The tsunami generated by last week’s 7.8 earthquake was not expected as the quake was initially centered on land, not offfshore.
In the week since the quake there has been a lot of public debate over the efficacy of New Zealand’s national and local tsunami warning systems. The Science Media Centre has collated much of the coverage here.
A key point of confusion related to the initial announcement from the Ministry of Civil Defence and Emergency Management (MCDEM), just half an hour after the quake, that there was no tsunami threat.
There is no tsunami threat to New Zealand following the cheviot earthquake #eqnz
— MCDEM (@NZcivildefence) November 13, 2016
In the latest MCDEM media briefing Ken Gledhill, Director of GeoNet, said the fact that the Hanmer quake was initially centred on land but triggered faults extending offshore was one reason why there had been some initial confusion.
“There will always be lessons to be learned. But this was a complex earthquake,” he said.
“It was actually responded to incredibly quickly by a duty person and the processes were followed really well.
“The tsunami turned out to be a surprise and it wasn’t a surprise just for us. My international colleagues… they had the same issue: large, on-land earthquakes to not normally cause tsunami. I don’t think with the current set up we could really do much better.
“Technological solutions are coming along which will help us a lot and we should be looking at those very seriously,” he added.
Watch the full briefing below:
— MCDEM (@NZcivildefence) November 19, 2016
Text message warning system
In the last day media have reported that the government is investigating a nation-wide text warning system. The New Zealand Herald reports:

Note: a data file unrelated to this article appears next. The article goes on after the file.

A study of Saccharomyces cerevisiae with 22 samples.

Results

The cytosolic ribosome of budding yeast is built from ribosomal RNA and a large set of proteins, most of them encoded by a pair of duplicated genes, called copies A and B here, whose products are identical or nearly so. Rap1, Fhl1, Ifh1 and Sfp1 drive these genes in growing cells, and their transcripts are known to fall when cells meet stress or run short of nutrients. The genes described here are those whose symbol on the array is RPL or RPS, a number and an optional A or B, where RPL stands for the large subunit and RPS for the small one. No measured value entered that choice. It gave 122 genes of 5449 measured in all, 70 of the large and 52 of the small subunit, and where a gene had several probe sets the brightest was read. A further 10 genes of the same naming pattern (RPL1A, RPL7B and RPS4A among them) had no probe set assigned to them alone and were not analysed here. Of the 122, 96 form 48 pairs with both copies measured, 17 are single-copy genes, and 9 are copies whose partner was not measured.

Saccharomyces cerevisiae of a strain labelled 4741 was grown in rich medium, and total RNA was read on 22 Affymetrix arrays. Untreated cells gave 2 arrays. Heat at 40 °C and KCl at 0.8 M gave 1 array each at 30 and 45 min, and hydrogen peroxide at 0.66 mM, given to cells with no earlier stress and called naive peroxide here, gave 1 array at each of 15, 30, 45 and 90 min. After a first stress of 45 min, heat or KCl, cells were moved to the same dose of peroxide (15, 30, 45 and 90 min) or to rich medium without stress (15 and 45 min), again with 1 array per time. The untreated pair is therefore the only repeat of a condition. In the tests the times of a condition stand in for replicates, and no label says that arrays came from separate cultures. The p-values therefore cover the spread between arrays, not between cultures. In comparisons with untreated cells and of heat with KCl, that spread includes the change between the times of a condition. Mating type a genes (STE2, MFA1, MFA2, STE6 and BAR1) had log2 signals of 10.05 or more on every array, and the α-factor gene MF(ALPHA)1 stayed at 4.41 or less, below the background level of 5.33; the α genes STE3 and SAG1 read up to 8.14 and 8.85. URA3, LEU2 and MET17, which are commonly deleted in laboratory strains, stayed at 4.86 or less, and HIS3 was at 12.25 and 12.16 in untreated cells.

PM John Key says the Government expects to announce measures for a national disaster warning system which will send out an alert to every cellphone in the country.
Key said the Government had been working on it for some time prior to the most recent spate of earthquakes and there was money set aside in the Budget for a national alerting system in disasters, similar to those used in other countries.
“My understanding was that it was certainly turning out to be more expensive than we thought and we’ve been shopping around trying to see if we can get a better alternative.
“There is no doubt that where we will be going is national alerting. It doesn’t matter if your cellphone is on or not, it’s not a matter of whether they know about your cellphone or not, it just blasts a message out to everyone. That’s a strong positive.”
However, he said when it came to tsunami people in low lying areas should move to higher ground immediately after a long, strong earthquake rather than wait.
Earthquakes: the best tsunami warning system
“If you are at the coast, and feel a long or strong earthquake, be gone.”
This advice, provided by Dr.Gledhill on the day of the 7.8 quake that rocked central New Zealand, remains the best advice on what to do in a potential tsunami situation after an earthquake.
Some tsunami may be generated by offshore quakes so far away we don’t feel them. In these situations, there needs to be robust systems in place to alert everyone in an at risk area to evacuate. MCDEM, drawing on information from GeoNet and the Pacific Tsunami Warning Centre located in Hawaii, are responsible for disseminating official warnings through their National Warning System, which includes broadcasters and local civil defence groups.
But when a quake is closer to home there may not be time to get an alert out. The official line from MCDEM goes like this:
A tsunami generated in conjunction with a nearby large earthquake or undersea landslide may not provide sufficient time to implement official warning procedures.
Persons in coastal areas who:
- experience strong earthquakes (hard to stand up)
- experience weak earthquakes lasting for a minute or more
- observe strange sea behaviour such as the sea level suddenly rising and falling, or hear the sea making loud and unusual noises or roaring like a jet engine
should not wait for an official warning. Instead, let the natural signs be the warning. They must take immediate action to evacuate predetermined evacuation zones, or in the absence of predetermined evacuation zones, go to high ground or go inland.
If you are interested in learning more about how MCDEM manages national tsunami warnings, have a look the recently updated National Tsunami Advisory and Warning Plan.